I wanted Bill as a panelist but it was never to be, reveals Pat Kenny
Broadcaster Pat Kenny has revealed that he had been in talks with Bill O'Herlihy in the hope that he would come in as a panelist for his Newstalk radio show.
The iconic sports anchor had poignantly asked for "a chance to have a rest" after his retirement, before he took on a new challenge.
"But it was never to be," Pat reflected.
"He had a brilliant career," he said, noting that he had never heard anyone say a bad word about the Corkonian.
"In a business that is very cynical, there was no cynicism about Bill," he added.
Mr Kenny was one of a flood of well-known faces who turned out at Flanagan's Funeral Home in Dundrum in Dublin to say a final farewell to the beloved face of Irish soccer.
The broadcaster (76) died unexpectedly in his sleep early last Monday.
Just the previous night he had attended the annual Iftas ceremony in his role as chairman of the Irish Film Board.
Former footballer Niall Quinn paid tribute to O'Herlihy, who had given him his start.
He had been a 21-year-old player just back from Ireland's efforts in the Euros in 1988 when O'Herlihy had invited him to come in as a pundit.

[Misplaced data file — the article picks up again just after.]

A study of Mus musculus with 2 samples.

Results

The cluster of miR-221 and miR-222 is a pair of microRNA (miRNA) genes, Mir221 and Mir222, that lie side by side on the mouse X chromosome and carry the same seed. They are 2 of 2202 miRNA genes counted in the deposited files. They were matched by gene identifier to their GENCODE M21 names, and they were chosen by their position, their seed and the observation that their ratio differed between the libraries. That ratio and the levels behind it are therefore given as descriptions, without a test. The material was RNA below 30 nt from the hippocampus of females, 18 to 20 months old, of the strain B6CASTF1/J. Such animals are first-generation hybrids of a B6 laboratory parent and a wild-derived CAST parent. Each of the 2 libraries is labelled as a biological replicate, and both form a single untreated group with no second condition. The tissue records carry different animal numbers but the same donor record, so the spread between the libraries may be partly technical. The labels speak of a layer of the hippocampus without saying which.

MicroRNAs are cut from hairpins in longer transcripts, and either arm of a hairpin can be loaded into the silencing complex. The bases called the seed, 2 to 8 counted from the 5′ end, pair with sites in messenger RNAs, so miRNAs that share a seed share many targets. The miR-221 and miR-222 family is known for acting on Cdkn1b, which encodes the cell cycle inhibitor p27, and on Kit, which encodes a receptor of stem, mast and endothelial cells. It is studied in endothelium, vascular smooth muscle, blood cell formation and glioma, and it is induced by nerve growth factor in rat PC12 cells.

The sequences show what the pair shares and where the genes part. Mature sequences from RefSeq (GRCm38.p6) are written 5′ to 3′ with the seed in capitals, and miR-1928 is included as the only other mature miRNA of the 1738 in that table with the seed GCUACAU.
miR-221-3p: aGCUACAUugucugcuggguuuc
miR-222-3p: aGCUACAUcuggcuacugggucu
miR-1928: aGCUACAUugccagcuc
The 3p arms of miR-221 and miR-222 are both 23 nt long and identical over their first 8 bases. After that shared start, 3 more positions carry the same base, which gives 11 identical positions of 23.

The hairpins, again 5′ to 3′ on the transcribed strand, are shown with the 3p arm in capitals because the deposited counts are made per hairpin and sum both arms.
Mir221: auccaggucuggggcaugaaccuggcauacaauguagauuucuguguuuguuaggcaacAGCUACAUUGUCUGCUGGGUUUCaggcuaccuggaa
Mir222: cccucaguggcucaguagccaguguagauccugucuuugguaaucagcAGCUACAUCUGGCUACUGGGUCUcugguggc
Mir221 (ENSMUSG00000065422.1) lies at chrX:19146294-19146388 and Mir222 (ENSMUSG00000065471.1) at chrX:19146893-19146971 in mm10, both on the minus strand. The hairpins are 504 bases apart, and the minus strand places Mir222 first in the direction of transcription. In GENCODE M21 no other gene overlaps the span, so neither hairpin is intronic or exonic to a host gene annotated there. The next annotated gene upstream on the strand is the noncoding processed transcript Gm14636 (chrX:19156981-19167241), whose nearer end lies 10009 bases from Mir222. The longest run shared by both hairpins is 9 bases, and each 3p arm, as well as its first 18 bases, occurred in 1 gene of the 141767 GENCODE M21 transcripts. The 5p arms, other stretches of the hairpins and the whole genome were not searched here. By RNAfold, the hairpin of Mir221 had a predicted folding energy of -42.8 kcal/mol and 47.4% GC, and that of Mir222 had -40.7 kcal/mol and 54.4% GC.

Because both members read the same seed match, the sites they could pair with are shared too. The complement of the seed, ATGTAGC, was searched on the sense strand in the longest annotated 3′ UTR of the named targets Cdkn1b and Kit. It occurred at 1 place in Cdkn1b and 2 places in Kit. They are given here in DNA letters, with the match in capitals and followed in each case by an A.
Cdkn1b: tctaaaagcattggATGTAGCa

The young footballer had pointed out the Dutch striker Marco Van Basten, then a sub, as being one to watch - and Van Basten ended up scoring a hat-trick against England, a semi-final winner versus West Germany and a spectacular volley to see off the Soviet Union in the final.
O'Herlihy made sure all the credit for spotting his potential went to Niall, giving him the confidence to continue in punditry.
"He sharpened me up and gave me the confidence - and I'm still in it today," said Quinn.
Michael Lowry TD remembered O'Herlihy's kindness, saying: "Apart from his professionalism, it was his kindness and his compassion that always struck me.
"Italia 90 is what he'll always be associated with - he rallied the Irish people and was just able to pick out the right words for the right moment."
Others who attended were Eamon Dunphy and his wife Jane; actor Risteard Cooper; broadcaster Gay Byrne and Olympic gold medallist Eamonn Coghlan.
The mourners talked about how O'Herlihy's death "wasn't a bad way to go - after a night out at the Iftas, say hello to people, say goodbye to people and then go home."
Former champion driver Larry Mooney also paid tribute to O'Herlihy as a deeply religious man who went to Mass every day without any fuss or pretension.
His funeral will take place at 11.30am today at the Church of Our Lady of Perpetual Succour in Foxrock, Dublin.